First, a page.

The use of peppermint dates to ancient times, making the plant one of those medicinal plants used in Africa thousands of years ago. In ancient Egypt, peppermint had both mystical and medicinal significance, and in Europe, its therapeutic use was first documented about 100 years after the birth of Christ.
In ancient Greece, a physician used peppermint to treat bladder stones, hiccups, and stomach cramps. Since then, peppermint has become a staple in many home pharmacies. Peppermint is versatile, as the plant is suitable, for example, for body care, cooking, baking, and aromatherapy. Due to the enormously high content of essential oils in peppermint, the plant is now usually administered and used as an oil, which is available in various dosages.
Extraction of peppermint oil
The leaves of the field mint (Mentha piperita) are used to produce peppermint oil. The harvesting begins before the formation of flowers. It is at this stage of the growing plant that the content of essential oils is the highest.
Peppermint essential oil is obtained through steam distillation, which involves generating steam into a boiler containing the plant material. The steam causes essential oils to be released. Subsequently, these essential oils, together with the water vapor, are passed into special cooling coils. They condense and are collected in containers. Since the essential oils are lighter than water, the oil floats above the water from where the pure essential oil can be skimmed off.
Ingredients of peppermint oil
Peppermint oil is mainly composed of essential oils. The main ingredients extracted from the leaves of peppermint (Mentha piperita) are menthofuran, cineole, menthol (about 45%), and menthone (about 20%). Menthol is characteristic of the plant and the cause of the fresh mint smell, although menthofuran must be filtered out for medicinal use. Other ingredients include flavonoids, which give the oil its flavor, and secondary plant compounds such as triterpenes, known for their anti-inflammatory properties. In addition, components such as isomenthol, neomenthol, and menthyl acetate are still present in minute quantities.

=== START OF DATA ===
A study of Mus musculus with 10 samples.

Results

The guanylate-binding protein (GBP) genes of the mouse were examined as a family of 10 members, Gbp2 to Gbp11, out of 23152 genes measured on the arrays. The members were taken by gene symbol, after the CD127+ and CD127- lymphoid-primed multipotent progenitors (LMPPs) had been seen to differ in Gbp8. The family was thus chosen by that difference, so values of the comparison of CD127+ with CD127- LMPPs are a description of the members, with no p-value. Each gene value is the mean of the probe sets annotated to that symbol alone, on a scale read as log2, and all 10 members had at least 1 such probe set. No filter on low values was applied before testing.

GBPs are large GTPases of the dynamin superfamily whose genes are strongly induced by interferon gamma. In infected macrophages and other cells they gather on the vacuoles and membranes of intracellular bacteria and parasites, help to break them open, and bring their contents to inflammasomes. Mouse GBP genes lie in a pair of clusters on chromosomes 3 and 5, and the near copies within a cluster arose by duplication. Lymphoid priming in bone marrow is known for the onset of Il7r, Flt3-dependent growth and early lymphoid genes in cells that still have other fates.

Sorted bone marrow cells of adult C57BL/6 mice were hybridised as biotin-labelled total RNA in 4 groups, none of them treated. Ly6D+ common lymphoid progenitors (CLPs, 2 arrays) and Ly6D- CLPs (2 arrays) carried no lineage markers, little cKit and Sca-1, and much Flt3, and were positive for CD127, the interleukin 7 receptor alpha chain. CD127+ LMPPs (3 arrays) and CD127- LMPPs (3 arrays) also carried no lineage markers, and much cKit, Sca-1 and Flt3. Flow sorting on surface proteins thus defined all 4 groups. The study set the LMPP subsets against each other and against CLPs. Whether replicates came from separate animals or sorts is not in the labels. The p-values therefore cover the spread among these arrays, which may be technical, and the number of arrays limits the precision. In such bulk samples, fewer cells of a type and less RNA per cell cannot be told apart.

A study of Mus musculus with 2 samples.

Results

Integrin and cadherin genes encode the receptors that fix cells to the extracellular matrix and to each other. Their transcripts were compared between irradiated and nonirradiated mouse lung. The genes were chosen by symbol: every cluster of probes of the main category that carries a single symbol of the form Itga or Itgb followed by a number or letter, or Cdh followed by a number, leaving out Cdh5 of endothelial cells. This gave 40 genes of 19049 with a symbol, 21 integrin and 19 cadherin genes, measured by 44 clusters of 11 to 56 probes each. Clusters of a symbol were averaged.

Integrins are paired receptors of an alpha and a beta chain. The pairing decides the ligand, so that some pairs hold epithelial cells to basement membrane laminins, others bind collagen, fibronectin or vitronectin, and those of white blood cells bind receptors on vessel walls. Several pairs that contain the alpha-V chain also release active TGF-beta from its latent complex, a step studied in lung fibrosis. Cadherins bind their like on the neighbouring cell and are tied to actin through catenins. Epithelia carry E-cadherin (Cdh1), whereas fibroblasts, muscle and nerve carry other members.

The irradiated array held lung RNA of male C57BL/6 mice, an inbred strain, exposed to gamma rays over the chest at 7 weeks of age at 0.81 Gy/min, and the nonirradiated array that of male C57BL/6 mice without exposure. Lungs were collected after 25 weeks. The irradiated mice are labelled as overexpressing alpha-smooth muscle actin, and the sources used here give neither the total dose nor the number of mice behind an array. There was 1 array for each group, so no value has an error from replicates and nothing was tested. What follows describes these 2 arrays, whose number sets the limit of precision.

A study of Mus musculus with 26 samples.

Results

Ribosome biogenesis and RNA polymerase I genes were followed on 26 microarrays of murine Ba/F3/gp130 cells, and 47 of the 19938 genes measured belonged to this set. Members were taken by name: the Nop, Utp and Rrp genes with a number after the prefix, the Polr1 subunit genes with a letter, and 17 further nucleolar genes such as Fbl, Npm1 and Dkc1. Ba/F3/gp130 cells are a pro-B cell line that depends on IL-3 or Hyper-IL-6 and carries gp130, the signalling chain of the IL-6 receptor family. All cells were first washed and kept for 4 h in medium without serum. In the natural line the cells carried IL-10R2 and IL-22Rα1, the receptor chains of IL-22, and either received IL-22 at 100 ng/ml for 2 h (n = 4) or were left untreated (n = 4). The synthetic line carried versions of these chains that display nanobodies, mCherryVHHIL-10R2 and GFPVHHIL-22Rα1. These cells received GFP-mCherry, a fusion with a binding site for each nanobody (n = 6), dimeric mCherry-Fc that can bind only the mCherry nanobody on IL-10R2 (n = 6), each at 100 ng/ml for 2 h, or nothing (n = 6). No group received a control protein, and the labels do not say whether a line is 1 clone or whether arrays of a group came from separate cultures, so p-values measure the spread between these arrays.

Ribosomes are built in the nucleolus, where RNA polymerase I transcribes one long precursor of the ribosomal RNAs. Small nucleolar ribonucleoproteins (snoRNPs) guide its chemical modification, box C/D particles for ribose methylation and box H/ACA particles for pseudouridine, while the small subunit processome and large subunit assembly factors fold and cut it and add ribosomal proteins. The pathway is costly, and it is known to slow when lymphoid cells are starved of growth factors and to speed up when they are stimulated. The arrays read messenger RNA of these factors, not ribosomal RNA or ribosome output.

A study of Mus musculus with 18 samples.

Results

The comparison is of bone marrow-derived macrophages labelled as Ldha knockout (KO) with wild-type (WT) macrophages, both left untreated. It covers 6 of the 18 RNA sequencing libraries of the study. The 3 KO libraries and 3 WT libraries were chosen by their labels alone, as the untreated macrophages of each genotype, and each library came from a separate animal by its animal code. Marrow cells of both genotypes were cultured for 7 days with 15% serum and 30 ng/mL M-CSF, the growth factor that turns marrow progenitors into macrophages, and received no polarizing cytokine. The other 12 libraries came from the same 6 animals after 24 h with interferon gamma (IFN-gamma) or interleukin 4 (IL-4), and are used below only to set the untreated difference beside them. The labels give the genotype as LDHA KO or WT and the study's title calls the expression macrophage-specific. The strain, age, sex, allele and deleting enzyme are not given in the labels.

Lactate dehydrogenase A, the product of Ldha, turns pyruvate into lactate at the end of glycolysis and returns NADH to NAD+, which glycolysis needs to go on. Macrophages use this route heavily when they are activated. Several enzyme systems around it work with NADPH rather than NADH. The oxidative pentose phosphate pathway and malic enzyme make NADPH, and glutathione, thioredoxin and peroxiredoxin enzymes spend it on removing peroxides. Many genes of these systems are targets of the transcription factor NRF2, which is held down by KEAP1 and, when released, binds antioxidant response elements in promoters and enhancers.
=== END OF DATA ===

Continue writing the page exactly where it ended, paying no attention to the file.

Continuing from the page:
Peppermint oil is not tolerated by everyone who suffers from migraines.
Occasionally, people with migraines are susceptible to odors, so that the application can even intensify the migraine in rare cases. If the application causes discomfort, you should refrain from future applications.
Peppermint oil against mice and spiders
Mice in the home are a health hazard, but poisons or chemicals used to control mice can be just as harmful, which is why peppermint oil is recommended as a harmless remedy for humans and mice to drive those pests away.
Mice cannot tolerate the smell of peppermint. Peppermint oil gives off the peppermint smell most intensely. To drive rodents away, put a few drops of the oil on several cotton balls that you layout in places where the animals enter your home—for example, doors, pipes, mouse holes, and related areas. In addition, it is helpful to place the cotton balls sprinkled with peppermint oil in front of containers that contain food, for example, near the refrigerator or your rubbish bin.
The effect of peppermint oil lasts a maximum of seven days. Therefore, it is recommended to change the cotton balls after five to six days.
Peppermint oil is also excellent for driving away spiders and preventing them from entering the home. Take an empty spray bottle, fill it with water, and mix in about 20-25 drops of peppermint oil. Then spray all the nooks and crannies in your home, where spiders usually like to stay and hide. Likewise, all windows and entrances should be sprayed, as spiders mainly enter living spaces through open windows and doors.